Santa Rosa uses high-tech tool to boost census count April 10, 2010Posted by Bahadir Sahin in English, Haber (News).
Tags: Geographic Information System, geographic location, interactive city maps
Santa Rosa’s new geographic information system, or GIS for short, was used to provide the U.S. Census Bureau with 3,405 new addresses in the city.
The numbers are worth noting because each person counted represents at least $1,500 a year in federal funds, said Mike Hargreaves, the city’s GIS analyst.
Hargreaves put the value of this information at $128 million in new federal funds over the next 10 years. (He calculated 3,405 addresses x an average of 2.5 people per address x $1,500 x ten years.)
Sonny Le, a regional spokesman for the census bureau, said that while Hargreaves’ calculation is rough, it is by no means an an exaggeration.
The city’s cooperation, as well as that of the county Assessor’s Office, was crucial in identifying new housing, he said. Otherwise, he agreed, residents would have been missed.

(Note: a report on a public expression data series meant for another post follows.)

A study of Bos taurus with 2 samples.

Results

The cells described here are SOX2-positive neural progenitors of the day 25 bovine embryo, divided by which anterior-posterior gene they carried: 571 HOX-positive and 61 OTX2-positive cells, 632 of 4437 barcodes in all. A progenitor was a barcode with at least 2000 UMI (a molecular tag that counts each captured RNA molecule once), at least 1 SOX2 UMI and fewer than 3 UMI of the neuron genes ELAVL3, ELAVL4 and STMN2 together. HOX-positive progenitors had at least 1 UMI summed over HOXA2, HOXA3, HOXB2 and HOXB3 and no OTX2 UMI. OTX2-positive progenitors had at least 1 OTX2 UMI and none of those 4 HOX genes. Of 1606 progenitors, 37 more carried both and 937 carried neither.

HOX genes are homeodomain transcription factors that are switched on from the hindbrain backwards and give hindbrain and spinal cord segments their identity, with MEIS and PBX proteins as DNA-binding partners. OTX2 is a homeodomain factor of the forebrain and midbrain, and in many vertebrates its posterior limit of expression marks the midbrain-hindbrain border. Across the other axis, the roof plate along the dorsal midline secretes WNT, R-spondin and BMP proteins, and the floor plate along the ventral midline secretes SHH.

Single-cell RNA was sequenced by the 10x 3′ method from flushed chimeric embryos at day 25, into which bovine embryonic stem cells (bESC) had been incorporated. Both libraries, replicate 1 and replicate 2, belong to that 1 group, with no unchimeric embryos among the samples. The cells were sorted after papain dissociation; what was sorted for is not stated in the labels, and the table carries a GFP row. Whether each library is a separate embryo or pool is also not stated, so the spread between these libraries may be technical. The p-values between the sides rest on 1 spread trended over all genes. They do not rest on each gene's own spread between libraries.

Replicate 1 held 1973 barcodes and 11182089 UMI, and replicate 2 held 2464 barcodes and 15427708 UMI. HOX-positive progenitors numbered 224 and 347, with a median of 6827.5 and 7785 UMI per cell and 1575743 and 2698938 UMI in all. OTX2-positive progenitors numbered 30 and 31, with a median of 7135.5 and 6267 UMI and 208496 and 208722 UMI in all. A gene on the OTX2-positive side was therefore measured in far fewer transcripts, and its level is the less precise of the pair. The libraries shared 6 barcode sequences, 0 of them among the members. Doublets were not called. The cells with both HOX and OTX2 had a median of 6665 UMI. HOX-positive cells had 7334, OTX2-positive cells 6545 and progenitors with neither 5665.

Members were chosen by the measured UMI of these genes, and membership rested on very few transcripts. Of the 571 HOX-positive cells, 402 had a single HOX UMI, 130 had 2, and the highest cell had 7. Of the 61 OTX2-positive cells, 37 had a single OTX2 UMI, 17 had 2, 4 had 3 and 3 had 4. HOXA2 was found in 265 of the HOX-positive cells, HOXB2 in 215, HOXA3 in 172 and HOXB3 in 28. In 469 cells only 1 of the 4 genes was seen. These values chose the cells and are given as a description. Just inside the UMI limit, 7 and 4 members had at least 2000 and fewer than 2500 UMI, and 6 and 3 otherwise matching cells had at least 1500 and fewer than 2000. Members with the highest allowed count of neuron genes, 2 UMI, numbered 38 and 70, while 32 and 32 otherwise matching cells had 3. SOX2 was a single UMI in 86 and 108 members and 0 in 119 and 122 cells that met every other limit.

The city’s GIS, a repository of data digitally overlaid onto interactive city maps, contains a “address point layer” that helped census workers identify new housing. Census workers then used that information to identify housing units in the geographic location where actual people live.
After the census bureau completed a canvassing operation last spring and summer to verify local addresses, local governments were given the chance in October to “challenge” the findings to make sure nothing was missed, Le said.
“We do use rely on cities and counties to supply us with the most updated address files so we can add to our list the new structures that have been built in last ten years,” he said.
This week, U.S. Census Bureau Director Robert M. Groves provided contact information for those who have not received a census form.